Pope Francis accepts a gift from a Franciscan friar during an audience with a delegation of communicators from the Custody of the Holy Land at the Vatican Jan. 17, 2022. (CNS photo/Vatican Media)
In a time when social networks can tend to divide people, Christian media must instead work to unite men and women, Pope Francis said.
Meeting with a delegation from the Franciscan Custody of the Holy Land in Rome to commemorate the 100th anniversary of their bimonthly magazine, “Terrasanta,” the pope encouraged the group to continue to highlight stories of genuine brotherhood, especially, “the fraternity between Christians of churches and confessions that are unfortunately still separated, but which in the Holy Land are often already close to unity.”
“Communication, in the time of social networks, must help to build community, or better still, fraternity,” he said.
Founded in Jerusalem in 1921, the magazine is published in six languages — Italian, English, French, Portuguese, Spanish and Arabic. Although it is now published in Milan, the magazine continues to report on the church, current and historical events, archaeological findings as well as people and cultures in the Holy Land.
Pope Francis began his address to the 44-member delegation — led by Franciscan Father Francesco Patton, custos of the Holy Land — by excusing himself for remaining seated due to leg pain.
“Excuse me if I remain seated, but my leg hurts today. It hurts, it hurts when I stand. This way it's better for me,” he said.
The pope has suffered for several years from sciatica which, according to the Mayo Clinic, can cause sharp pain that radiates along the path of the sciatic nerve, which branches from the lower back through the hips and down each leg.
In his talk, the pope congratulated the delegation on the centenary, and praised the group's work in making known the Holy Land, a place that is “the historical and geographical environment in which the word of God was revealed and incarnated in Jesus of Nazareth, for us and for our salvation.”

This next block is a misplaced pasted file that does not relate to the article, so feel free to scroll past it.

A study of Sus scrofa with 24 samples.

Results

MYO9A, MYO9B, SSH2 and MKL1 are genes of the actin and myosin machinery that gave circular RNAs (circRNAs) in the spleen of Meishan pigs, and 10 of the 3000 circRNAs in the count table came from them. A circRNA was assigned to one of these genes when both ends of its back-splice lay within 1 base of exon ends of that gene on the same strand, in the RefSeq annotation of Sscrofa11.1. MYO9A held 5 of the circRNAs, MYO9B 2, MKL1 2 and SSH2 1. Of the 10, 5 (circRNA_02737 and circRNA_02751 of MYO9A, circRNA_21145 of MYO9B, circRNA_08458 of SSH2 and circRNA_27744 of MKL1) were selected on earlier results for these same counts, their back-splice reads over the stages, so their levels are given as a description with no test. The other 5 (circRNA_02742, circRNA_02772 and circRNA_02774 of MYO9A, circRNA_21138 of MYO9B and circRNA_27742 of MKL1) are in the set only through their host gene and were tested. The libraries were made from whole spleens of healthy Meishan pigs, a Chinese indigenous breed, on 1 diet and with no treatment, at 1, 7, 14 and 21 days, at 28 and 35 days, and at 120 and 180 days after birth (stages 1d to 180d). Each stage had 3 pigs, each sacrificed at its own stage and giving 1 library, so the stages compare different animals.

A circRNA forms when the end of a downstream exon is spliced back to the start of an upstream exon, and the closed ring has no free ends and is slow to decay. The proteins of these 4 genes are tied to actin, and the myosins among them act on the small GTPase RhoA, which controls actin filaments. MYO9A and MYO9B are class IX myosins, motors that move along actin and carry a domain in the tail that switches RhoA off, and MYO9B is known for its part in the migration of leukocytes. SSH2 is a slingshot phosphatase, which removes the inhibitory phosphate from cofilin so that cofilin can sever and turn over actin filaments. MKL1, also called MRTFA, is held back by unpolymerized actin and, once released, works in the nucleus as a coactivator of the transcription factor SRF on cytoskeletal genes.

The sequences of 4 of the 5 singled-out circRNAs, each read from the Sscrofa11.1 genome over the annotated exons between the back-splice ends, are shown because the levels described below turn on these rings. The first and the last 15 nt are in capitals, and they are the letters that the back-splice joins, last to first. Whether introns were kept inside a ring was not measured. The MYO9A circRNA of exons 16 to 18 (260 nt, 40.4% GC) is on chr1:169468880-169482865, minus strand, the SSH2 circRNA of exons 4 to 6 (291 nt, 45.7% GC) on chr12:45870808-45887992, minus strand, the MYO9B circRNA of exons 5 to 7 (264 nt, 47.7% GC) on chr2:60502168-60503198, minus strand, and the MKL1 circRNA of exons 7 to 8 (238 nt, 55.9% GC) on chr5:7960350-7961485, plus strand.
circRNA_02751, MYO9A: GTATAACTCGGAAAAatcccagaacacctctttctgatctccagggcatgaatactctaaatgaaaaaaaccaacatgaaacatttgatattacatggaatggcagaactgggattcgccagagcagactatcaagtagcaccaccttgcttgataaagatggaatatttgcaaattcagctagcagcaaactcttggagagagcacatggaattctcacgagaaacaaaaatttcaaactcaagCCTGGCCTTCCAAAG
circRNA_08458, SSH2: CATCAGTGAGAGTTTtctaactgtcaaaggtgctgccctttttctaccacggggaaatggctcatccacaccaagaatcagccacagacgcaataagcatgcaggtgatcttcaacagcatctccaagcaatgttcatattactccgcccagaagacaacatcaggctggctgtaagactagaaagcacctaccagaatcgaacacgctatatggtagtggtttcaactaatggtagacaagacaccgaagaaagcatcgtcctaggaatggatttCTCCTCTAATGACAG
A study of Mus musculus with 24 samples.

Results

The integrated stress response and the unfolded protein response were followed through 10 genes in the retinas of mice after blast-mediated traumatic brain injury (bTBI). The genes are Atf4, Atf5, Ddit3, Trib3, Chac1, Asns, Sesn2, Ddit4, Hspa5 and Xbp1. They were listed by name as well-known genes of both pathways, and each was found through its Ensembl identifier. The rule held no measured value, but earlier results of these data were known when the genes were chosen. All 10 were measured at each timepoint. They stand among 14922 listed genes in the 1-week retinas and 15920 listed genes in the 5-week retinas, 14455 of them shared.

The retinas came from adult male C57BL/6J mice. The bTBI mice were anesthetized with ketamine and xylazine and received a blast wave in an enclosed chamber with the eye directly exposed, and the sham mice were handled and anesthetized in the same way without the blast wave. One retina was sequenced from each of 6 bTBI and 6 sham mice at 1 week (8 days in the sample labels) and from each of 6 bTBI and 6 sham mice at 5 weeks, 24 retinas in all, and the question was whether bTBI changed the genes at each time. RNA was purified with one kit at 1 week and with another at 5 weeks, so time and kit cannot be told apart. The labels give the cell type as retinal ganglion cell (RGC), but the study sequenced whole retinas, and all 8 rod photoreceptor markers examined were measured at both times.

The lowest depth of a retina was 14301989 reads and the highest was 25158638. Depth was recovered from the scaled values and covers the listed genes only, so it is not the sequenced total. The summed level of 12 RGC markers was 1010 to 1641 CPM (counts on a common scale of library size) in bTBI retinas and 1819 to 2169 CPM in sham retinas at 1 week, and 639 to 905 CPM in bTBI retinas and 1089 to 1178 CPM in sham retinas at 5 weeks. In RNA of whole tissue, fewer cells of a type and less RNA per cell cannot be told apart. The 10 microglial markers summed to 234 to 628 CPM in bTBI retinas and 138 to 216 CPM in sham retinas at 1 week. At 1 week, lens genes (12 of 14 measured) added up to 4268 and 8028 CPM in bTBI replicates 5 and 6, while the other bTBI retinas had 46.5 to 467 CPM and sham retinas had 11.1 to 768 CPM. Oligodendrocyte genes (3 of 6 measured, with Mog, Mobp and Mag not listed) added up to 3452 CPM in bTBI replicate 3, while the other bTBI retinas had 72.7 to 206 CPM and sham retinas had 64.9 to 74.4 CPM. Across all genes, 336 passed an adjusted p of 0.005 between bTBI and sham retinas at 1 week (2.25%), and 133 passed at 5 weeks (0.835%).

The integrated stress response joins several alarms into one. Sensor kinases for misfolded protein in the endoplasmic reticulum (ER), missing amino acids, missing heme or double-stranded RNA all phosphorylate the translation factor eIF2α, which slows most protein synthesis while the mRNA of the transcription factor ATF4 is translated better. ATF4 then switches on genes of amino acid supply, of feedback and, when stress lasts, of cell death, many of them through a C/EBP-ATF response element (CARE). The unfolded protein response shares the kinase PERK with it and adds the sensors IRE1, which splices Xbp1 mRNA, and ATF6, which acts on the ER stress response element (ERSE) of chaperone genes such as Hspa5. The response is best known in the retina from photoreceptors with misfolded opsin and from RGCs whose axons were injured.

The magazine, the pope said, also plays a vital role in informing the world about “the life of the Christians of the various churches and denominations, but also that of Jews and Muslims, to attempt to build a fraternal society in a context as complex and difficult as that of the Middle East.”
He also praised their efforts in reporting from areas of conflict in the Middle East, including Syria, Lebanon, Palestine and Gaza.
“I know that you try to present stories of goodness, those of active resistance to the evil of war, those of reconciliation, those of the restoration of dignity to the children robbed of their childhood, those of refugees with their tragedies but also with their dreams and their hopes,” the pope said.
Pope Francis encouraged the members of “Terrasanta” to continue their work which he said enriched the faith of many, especially “those who do not have the opportunity of making a pilgrimage to the holy places.
“This is valuable for believers throughout the world and, at the same time, supports the Christians who live in the land of Jesus,” the pope said. “And I want to take advantage of this opportunity to express my closeness to them. I always remember them, also in prayer. Please, when you return home, convey my greeting and my blessing to the families and Christian communities of the Holy Land.”